The Whirpool Galaxy is one of the better-known galaxies. It can be seen with a basic home telescope or even binoculars and it was the first celestial object to be classified as a spiral galaxy. It is also known for its scientific designations, Messier 51a (M51a) and NGC 5194.

It is located 31 million light-years away from us in the direction of the constellation of Canes Venatici (the “hunting dogs”). That is very far away, which means it must be quite big for it to be so easily visible from Earth, right? Well, it is. The Whirpool galaxy extends for about 76,900 light-years. That’s smaller than our own galaxy, the Milky Way, but it is still quite large.

The bigger the galaxy, the more stars it has, and therefore, it probably also has a lot of planets, right?

In this article, we’ll take a look at the planets of the Whirpool galaxy.

Does the Whirpool Galaxy have planets?

There are currently no confirmed planets discovered in the Whirpool Galaxy. As a matter of fact, there are zero extragalactic planets (planets in other galaxies) that can be confirmed with 100% certainty.

However, that doesn’t mean they are not there.

Astronomers are confident there are billions of planets in the Whirpool galaxy and every other galaxy out there in the universe. But they are really hard to pinpoint at such large distances. The only planets outside the Solar system that our current imaging technology can detect are within our own galaxy.

But there’s good news.

In September 2020, a possible planet was found orbiting a high-mass binary star in the Whirpool Galaxy. The star’s name is M51-ULS-1. If confirmed, this planet would be the first extragalactic planet and a huge step forward for astronomy.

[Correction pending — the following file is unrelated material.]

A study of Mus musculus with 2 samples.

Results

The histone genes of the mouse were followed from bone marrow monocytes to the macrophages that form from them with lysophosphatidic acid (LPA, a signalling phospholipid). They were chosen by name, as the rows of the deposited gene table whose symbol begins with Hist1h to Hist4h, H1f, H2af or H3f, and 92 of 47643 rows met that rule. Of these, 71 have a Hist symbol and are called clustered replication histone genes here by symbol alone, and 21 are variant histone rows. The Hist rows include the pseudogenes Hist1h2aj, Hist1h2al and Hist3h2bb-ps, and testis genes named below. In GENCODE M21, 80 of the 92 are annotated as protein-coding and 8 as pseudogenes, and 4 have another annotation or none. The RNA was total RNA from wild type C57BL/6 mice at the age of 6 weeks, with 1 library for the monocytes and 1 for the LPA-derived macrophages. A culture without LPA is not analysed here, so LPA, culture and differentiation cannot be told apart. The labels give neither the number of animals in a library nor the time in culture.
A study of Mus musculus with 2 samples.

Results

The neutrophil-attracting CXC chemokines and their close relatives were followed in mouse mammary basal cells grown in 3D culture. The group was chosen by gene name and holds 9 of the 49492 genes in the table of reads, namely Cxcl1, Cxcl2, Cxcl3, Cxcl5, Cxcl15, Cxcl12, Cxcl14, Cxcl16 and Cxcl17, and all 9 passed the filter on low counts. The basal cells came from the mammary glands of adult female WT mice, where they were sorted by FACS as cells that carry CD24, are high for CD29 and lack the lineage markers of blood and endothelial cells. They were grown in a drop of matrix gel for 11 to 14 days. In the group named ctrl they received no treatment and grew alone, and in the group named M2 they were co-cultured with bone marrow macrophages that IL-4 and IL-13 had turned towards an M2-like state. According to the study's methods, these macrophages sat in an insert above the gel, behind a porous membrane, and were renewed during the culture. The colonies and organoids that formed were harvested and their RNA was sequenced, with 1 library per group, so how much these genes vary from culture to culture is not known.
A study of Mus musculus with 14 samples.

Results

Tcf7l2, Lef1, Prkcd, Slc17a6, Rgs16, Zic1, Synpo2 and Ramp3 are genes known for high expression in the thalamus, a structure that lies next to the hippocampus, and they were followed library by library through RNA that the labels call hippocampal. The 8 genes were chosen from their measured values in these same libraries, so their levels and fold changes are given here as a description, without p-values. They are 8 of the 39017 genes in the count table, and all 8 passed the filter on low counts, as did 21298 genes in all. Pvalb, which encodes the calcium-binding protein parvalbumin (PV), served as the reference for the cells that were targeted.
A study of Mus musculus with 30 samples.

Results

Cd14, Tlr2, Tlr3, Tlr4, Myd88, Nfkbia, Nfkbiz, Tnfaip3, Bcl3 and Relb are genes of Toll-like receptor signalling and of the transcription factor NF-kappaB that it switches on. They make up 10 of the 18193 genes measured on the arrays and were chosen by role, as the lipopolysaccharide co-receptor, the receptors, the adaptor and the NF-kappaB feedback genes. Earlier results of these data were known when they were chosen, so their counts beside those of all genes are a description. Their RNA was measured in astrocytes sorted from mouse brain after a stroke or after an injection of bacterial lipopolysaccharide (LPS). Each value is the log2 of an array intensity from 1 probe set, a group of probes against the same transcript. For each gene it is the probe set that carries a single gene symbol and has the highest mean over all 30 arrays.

Planet M51-ULS-1b

The candidate planet found in the Whirpool galaxy has received the designation M51-ULS-1b. Not many newly discovered planets receive proper names in modern times (although a few exoplanets do), much less unconfirmed ones, so M51-ULS-1b only gets a scientific designation for now.

The planet would be orbiting a high-mass blue supergiant star. These types of stars are huge. They can be 1,000 times larger than the Sun and that’s why they can be detected even though they are millions of light-years away.

M51-ULS-1b was detected using an X-ray telescope because it eclipsed its star for a while. In terms of size, it would be somewhere between the sizes of Neptune and Saturn.

Whirpool Galaxy Planets Pictures

concept art of a planet in the  Whirpool galaxy
concept art of a planet in the Whirpool galaxy

Our current telescopes and imaging technology are not powerful enough yet to be able to take photos of distant planets.

We can only detect planets outside the Solar system using small bits of data and extrapolating information from that. For example, if a telescope is studying an area of the sky, and over time, one of the stars dims a little bit, it could be because an object passed in front of it and that object could be a planet. I’m oversimplifying the process, but hopefully, that helps you understand how it’s done.

That means that in the images that are being used to discover these planets, the actual planets aren’t even visible. We are just seeing their effect on their respective stars.

On top of that, most of the telescopes used to get these images aren’t even capturing visible data. Instead, they use X-ray data or some other wavelength light that is not directly visible to us.


  • The Whirpool galaxy is 31 million light-years away from Earth. That makes it very difficult to detect individual planets on it.
  • There is one solid planet candidate found in the Whirpool galaxy called M51-ULS-1b.
  • Astronomers believe that despite not being found yet, there are billions of planets in the Whirpool galaxy waiting to be discovered.

Elena is a Canadian journalist and researcher. She has been looking at the sky for years and hopes to introduce more people to the wonderful hobby that is astronomy.